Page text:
Have you ever stepped your way through the sales process
only to be disappointed by your prospect's objection to
This situation unfolds all too regularly for many small
The other day I was talking to Joan who was lamenting how
she'd spent a ton of time developing a relationship with a
new prospect, but in the end wasn't able to make the sale.
Over the course of six sales meetings her prospect seemed
like a slam dunk. He was very enthusiastic about her
product (inventory control software for the food service
industry), he hadn't seen a similar product on the market
(Joan's software has a unique and easy to use interface) and
he and Joan seemed to have a great rapport (they both are
avid snow boarders and each loves jazz) . But when it came
time for Joan to ask for the business the answer was 'no'.
Her hot prospect was cool on her price.
Where did Joan go wrong? She was quite befuddled with her
collapsed deal and wanted to know what she could do to
prevent such future failings. Not only did she not get the
business, she ended up wasting her valuable time which could
have been better spent developing a lead that turned into a
Does this sound familiar? Have you ever spent time
developing a great lead only to have the deal fall apart
because your prospect objects to your price?
If so, you may have made the same common sales mistake Joan
made: she tried to make the sale without having enough
information to make her prospect the right offer, despite
her six positive sales meetings.
What Joan neglected to do was to ask her prospect about his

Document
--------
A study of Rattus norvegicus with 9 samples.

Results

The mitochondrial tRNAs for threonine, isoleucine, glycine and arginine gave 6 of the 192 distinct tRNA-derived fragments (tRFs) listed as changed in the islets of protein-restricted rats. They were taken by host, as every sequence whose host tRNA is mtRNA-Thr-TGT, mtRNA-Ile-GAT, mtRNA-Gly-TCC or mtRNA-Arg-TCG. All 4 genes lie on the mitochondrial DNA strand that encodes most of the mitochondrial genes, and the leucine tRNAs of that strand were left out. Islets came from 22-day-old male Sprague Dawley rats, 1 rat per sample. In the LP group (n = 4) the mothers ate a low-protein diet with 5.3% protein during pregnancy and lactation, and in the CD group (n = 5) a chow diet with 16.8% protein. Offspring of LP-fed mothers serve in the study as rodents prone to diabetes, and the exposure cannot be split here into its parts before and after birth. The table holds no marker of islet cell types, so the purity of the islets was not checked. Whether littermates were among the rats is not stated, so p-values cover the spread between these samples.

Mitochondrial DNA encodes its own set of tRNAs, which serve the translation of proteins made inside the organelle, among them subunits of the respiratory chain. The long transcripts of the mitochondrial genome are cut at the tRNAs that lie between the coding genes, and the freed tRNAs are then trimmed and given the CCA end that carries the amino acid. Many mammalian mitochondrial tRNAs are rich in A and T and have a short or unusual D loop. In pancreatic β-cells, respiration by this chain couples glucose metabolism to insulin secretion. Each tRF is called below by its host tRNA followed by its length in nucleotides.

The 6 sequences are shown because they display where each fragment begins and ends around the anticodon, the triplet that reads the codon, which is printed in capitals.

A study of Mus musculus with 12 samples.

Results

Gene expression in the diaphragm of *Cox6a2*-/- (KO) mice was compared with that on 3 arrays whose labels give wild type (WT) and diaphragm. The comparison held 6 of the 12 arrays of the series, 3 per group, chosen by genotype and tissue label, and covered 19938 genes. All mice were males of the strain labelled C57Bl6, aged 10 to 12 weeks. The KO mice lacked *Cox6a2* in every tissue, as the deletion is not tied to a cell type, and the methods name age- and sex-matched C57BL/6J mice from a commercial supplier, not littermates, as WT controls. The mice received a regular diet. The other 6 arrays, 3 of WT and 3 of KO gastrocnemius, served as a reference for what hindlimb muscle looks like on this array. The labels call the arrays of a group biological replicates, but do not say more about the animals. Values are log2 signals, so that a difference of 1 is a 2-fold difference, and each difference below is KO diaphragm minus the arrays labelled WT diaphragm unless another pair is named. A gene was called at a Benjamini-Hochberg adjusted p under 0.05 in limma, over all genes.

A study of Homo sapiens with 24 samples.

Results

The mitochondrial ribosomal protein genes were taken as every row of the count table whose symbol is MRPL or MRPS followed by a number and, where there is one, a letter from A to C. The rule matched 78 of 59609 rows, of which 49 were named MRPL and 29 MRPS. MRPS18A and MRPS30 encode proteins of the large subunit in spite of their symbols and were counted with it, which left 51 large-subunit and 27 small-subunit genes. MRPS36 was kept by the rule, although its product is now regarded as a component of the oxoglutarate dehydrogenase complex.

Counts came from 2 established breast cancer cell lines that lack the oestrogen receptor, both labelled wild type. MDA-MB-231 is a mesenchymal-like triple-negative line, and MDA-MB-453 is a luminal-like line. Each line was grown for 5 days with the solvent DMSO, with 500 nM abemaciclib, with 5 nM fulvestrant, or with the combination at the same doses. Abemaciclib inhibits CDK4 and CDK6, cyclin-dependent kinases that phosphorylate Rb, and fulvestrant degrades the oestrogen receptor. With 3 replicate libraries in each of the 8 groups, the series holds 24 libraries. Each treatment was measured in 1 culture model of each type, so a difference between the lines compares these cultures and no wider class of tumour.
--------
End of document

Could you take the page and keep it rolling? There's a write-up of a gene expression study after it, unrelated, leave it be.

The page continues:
accounting needs with respect to inventory control.
Unfortunately for Joan, she learned this important fact only
after our conversation when she called her prospect back to
find out where she went wrong. Her prospect had already
decided to use the software of one of her competitors. Even
though Joan's software features a nice accounting package,
her offer included nothing with respect to accounting. Her
prospect assumed that her software didn't feature the
accounting functionality he required because Joan didn't
mention it. She talked a lot about the software's
innovative, easy to use interface and its great database
functionality but she never mentioned the accounting
features because her prospect didn't ask. Her price would
have been fine if her prospect had known about the
accounting capability of her software!
During your sales process be sure to ask all the questions
you need answered to understand your prospect's needs. You
can then use the information you've acquired to shape your
pitch around exactly what is going to solve your prospect's
Before you tell your prospect your price make sure the time
is right by asking questions like:
? Does this sound helpful?
? Is there anything I haven't mentioned that would be helpful?
? What do you like best about our competition's product or service?
By obtaining answers to these questions you will be able to
gauge whether or not you have enough information to make an
offer that your prospect would be ill-advised to decline.
If you don't have enough information go back for more;
schedule another meeting and then go through another probing
round of questions.
If you do have enough information, make your prospect the
best offer they've ever heard. If you've done enough
homework you'll make the sale.
The author, marketing coach, Jeremy Cohen, helps small business owners and professional service providers attract more clients, grow their business and be more successful with his marketing guides and coaching service. Get his free guide at: http://www.bettermarketingresults.com/marketing-services.asp.